After Gaza rocket attacks resulted in the first fatality since last year's war, Israeli warplanes carried out retaliatory air strikes on at least six targets overnight. Hamas is struggling to contain unaffiliated militants in Gaza.
Gaza City, Gaza
Israeli warplanes carried out air strikes on at least six targets across the Gaza Strip on Friday morning, just hours after a rocket fired by Palestinian militants killed a foreign migrant worker in southern Israel – the first fatality from a rocket attack since last year’s Gaza war.
There were no reported casualties from today’s air strikes in Gaza, which, according to an Israeli military spokesman, targeted three smuggling tunnels in the southern Gaza Strip town of Rafah, two tunnels the army said were designed to infiltrate Israel, and a metal workshop near Gaza City.
But the raids and deadly rocket fire that prompted them are becoming a growing problem for Hamas, which rules Gaza and has largely adhered to a de facto cease-fire with Israel but has struggled recently to rein in local extremist groups who lambast the movement for what they say is its increasingly moderate stance.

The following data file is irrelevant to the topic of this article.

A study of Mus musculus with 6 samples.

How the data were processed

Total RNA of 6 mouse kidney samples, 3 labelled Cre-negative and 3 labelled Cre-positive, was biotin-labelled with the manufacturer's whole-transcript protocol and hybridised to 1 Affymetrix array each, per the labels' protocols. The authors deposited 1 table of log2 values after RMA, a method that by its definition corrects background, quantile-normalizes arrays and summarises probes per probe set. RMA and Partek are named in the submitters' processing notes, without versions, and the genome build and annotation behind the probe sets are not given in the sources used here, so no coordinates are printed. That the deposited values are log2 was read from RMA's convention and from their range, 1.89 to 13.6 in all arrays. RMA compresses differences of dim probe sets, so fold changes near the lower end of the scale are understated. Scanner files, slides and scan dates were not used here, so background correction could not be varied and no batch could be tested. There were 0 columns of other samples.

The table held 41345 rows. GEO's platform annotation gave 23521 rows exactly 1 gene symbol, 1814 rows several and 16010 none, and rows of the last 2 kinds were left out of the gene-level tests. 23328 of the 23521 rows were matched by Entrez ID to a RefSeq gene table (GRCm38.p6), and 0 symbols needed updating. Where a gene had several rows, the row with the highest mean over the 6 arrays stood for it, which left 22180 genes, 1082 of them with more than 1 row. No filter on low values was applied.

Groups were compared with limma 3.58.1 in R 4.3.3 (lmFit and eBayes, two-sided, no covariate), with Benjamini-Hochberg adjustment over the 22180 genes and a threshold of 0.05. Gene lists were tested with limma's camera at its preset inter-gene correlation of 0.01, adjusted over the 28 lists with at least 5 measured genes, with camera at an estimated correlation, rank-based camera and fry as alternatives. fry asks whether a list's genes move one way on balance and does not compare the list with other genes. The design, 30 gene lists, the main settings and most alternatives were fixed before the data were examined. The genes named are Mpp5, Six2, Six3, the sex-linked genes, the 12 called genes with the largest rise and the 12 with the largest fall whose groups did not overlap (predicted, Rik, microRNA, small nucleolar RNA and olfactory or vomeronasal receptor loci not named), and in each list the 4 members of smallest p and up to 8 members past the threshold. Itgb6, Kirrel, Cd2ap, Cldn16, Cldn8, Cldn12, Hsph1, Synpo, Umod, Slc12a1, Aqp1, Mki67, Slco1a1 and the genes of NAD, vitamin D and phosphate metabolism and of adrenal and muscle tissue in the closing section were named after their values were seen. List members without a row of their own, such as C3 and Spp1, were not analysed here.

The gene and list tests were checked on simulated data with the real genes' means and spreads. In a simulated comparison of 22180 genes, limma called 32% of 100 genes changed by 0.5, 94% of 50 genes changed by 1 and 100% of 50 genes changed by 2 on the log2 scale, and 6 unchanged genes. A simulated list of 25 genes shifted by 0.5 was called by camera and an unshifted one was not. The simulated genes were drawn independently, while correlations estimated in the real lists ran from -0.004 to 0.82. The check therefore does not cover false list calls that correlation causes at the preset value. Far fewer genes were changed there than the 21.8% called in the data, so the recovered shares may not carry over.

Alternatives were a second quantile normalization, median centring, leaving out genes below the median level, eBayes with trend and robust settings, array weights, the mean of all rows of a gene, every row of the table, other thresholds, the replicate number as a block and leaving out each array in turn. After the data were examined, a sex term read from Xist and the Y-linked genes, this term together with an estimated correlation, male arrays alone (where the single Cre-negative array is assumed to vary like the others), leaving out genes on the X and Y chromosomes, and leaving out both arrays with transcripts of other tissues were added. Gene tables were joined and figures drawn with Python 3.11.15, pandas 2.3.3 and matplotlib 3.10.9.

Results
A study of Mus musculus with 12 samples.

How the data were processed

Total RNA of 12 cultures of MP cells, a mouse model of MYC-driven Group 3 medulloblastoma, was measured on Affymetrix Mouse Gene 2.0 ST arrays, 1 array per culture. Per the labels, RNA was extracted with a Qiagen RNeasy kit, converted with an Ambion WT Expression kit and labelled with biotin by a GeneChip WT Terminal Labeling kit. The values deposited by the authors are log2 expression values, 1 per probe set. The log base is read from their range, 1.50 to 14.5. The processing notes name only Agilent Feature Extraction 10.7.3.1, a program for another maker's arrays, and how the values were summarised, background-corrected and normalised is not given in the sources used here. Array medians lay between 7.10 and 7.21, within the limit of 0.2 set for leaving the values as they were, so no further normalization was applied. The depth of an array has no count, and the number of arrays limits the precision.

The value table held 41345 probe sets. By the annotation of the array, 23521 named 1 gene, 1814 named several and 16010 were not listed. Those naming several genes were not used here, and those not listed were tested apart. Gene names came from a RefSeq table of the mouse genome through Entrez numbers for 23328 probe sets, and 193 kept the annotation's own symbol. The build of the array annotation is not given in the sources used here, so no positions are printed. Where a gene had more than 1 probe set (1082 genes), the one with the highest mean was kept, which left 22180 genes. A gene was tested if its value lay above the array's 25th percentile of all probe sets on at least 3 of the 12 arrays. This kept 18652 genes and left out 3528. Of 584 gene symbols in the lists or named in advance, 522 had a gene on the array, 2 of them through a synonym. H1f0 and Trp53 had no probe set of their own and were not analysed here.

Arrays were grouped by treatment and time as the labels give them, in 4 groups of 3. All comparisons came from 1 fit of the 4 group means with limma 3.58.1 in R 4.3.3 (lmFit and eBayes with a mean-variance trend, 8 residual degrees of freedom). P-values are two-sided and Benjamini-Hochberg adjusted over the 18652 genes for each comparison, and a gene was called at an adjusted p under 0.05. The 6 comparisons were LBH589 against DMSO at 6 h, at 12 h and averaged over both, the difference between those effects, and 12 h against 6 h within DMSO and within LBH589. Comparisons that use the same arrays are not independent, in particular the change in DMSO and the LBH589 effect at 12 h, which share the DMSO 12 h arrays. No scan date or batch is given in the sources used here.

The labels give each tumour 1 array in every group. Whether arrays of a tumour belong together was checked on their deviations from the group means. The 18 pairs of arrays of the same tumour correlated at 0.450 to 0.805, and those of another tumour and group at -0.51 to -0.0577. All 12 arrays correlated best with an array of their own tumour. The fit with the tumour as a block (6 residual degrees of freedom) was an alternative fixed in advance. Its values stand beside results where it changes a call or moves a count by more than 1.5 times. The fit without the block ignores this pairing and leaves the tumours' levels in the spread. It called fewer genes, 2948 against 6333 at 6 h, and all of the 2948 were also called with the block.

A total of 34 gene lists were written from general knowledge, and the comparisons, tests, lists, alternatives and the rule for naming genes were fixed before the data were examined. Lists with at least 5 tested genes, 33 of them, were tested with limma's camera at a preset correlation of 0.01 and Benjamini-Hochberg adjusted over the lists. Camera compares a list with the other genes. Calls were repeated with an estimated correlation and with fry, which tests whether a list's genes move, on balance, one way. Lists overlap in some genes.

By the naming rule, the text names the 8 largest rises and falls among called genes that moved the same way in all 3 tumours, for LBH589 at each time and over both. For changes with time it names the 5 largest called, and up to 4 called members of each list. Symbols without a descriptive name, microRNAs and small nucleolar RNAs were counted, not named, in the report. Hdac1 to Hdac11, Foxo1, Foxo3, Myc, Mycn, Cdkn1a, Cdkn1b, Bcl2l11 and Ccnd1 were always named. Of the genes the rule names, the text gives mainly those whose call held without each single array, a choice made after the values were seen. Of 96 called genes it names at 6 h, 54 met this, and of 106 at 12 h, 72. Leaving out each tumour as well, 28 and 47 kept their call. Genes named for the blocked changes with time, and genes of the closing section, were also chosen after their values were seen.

“These types of attacks from other groups in Gaza, like the one on Thursday, anger Hamas, because Hamas wants to show the entire world they are in control here,” says Gaza-based political analyst, Haidar Eid. “Hamas wants to govern and rebuild, but it’s not giving an alternative to the other groups who want to continue to fight Israel.”
A previously unknown jihadist group, Ansar al-Sunna, claimed responsibility for Thursday’s rocket attack, saying in a statement that “the jihadist mission came in response to the Zionist assaults against the Ibrahimi and al-Aqsa mosques and the continued Zionist aggression against our people in Jerusalem.”